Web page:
You would probably guess her Royal Majesty the Queen of England enjoys fine dining at every meal, but you would be proven wrong. It’s surely fancier than most Americans are used to, but let’s keep this in perspective—she’s one of the most recognized, celebrated, and longest-reigning monarchs in the world. She keeps it classy while also staying frugal.
According to The Telegraph, twice a week the head chef to the real household, Mark Flanagan, presents the Queen with a red leather-hound book of menu suggestions from which she “ticks” what she likes and crosses out the rest. Her ticks are usually awarded to dishes that include chocolate or ingredients from her own farms or greenhouses.
Former chef to both the Queen and Princess Diana, Darren McGrady, recalled, “Sadly, the Queen is not a foodie. She eats to live, unlike Prince Philip who loves to eat and would stand and talk food all day.”
McGrady reveled the Queen stays slim by avoiding carbs when dining alone.
According to The Telegraph, the Queen likes plain, old cereal. Special K kept in a Tupperware box for freshness, dressed up with a bit of fruit. Smoked salmon with scrambled eggs is another favorite—the eggs most likely brown because she believes they taste better.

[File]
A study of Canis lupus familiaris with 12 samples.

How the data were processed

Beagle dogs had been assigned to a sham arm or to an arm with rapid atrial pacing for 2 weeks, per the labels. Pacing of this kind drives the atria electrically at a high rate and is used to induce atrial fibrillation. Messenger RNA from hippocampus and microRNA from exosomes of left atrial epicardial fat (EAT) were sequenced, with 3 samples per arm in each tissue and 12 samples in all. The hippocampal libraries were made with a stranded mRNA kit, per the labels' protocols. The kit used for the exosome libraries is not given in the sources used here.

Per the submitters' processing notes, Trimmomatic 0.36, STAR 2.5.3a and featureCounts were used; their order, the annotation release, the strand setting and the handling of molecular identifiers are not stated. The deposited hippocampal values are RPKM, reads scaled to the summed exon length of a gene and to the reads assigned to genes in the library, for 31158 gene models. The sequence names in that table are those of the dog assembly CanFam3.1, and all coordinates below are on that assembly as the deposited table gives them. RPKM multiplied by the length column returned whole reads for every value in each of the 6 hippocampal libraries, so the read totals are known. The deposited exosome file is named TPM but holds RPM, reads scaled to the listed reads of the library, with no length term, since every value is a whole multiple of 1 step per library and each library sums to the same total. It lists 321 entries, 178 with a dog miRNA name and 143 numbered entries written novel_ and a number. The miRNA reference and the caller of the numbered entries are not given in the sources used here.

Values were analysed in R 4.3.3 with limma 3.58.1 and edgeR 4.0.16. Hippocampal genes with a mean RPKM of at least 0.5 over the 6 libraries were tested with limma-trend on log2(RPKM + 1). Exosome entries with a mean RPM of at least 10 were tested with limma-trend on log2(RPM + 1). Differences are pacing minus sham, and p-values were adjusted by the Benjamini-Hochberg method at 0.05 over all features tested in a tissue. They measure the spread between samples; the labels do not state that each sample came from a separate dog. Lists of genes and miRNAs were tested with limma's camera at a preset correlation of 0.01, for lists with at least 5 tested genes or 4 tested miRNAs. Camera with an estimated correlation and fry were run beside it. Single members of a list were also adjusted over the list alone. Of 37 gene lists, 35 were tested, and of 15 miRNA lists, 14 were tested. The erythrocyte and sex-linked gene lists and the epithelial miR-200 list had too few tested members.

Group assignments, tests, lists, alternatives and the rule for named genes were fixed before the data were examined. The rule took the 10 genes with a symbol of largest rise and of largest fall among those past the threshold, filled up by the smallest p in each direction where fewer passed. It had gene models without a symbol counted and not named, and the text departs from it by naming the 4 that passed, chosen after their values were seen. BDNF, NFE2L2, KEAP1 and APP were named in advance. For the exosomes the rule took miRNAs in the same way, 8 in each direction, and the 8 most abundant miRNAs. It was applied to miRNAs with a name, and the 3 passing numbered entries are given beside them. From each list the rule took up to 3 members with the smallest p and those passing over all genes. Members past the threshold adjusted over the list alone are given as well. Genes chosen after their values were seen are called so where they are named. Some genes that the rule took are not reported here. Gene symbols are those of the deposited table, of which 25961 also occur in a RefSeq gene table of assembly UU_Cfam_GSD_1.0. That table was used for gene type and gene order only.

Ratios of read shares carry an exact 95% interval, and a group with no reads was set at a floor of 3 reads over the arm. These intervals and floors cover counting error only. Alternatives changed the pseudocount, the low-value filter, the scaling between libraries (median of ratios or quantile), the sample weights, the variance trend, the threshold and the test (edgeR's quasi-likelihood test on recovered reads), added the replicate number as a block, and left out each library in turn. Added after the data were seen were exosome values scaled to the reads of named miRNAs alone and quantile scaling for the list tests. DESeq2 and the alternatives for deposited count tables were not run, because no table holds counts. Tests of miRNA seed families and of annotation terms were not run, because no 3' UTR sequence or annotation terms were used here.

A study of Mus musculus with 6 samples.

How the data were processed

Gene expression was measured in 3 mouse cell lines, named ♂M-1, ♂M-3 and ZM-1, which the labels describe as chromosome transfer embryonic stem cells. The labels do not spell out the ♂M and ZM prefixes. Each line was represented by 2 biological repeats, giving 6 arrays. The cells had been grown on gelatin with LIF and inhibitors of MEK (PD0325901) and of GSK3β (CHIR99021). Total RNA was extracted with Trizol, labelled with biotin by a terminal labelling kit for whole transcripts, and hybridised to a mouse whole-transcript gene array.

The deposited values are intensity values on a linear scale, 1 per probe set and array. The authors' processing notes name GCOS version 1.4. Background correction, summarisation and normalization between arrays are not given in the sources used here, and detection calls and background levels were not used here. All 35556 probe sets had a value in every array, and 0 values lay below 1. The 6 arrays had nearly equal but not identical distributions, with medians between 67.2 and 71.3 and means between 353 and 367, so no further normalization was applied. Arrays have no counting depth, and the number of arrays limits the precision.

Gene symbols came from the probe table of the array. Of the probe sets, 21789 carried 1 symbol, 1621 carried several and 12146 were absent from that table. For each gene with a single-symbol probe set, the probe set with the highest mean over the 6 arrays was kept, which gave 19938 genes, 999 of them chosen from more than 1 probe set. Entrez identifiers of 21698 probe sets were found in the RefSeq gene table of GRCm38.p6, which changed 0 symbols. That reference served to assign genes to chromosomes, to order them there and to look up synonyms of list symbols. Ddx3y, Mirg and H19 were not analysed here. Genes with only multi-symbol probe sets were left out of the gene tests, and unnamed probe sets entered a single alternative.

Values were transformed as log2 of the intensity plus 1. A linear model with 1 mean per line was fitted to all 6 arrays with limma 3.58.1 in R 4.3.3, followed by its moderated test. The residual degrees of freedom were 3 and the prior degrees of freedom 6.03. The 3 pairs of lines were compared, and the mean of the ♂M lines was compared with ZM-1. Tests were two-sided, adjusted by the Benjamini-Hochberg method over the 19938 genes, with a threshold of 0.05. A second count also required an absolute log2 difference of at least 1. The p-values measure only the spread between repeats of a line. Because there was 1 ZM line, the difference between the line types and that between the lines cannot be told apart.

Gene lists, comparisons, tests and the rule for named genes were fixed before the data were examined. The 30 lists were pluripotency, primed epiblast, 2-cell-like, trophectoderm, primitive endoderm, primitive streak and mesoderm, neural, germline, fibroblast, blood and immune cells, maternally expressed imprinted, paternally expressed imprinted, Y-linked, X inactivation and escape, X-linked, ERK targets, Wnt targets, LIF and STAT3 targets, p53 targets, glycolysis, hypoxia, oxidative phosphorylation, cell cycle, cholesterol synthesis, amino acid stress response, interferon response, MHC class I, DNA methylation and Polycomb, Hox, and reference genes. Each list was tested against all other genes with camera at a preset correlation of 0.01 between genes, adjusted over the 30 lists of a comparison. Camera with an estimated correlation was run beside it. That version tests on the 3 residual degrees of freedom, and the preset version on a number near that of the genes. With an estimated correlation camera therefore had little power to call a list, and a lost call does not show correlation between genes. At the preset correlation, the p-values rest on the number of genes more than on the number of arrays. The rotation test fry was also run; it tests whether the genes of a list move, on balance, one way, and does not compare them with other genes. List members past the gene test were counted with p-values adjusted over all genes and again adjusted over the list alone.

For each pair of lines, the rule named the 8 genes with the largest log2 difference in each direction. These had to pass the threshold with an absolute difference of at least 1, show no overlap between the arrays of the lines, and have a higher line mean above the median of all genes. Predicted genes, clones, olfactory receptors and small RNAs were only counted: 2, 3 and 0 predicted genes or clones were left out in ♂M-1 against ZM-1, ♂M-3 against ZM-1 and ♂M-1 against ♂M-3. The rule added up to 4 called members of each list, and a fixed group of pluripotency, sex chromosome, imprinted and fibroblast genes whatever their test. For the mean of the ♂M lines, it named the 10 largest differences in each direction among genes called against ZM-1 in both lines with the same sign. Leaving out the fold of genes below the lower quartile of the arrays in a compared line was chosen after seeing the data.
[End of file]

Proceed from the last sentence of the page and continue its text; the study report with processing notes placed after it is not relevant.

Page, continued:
According to the Independent, the Queen takes a gin and Dubonnet before lunch with a slice of lemon and lots of ice.
For lunch, she might like grilled Dover sole with vegetables or simple grilled chicken with salad in keeping with her low-carb diet.
Post-lunch, McGrady has said the Queen enjoys afternoon tea, cakes, scones and sandwiches—always with the crusts off. Variations might include cucumber, smoked salmon, egg mayonnaise, hum and mustard.
Jam pennies—something I definitely had to look up—are small raspberry jam sandwiches cut into circles the size of an English Penny. The Queen used to have them with her sister, Princess Margaret as children. She still enjoys washing them down with Earl Grey tea.
The Queen enjoys a Sunday roast after church—but it has to be a well-done end slice. The Queen doesn’t do rare. Other nights, she might dine on fillets of beef or venison from one of her royal estates, turned into a Gaelic steak, served with a mushroom, cream and whisky sauce.
Dessert might include white peaches from Windsor Castle, other fresh fruit, and definitely something chocolate like this Belgian chocolate cake the Royal Family enjoyed at the 2006 surprise celebration Prince Charles threw for his mother’s 80th birthday.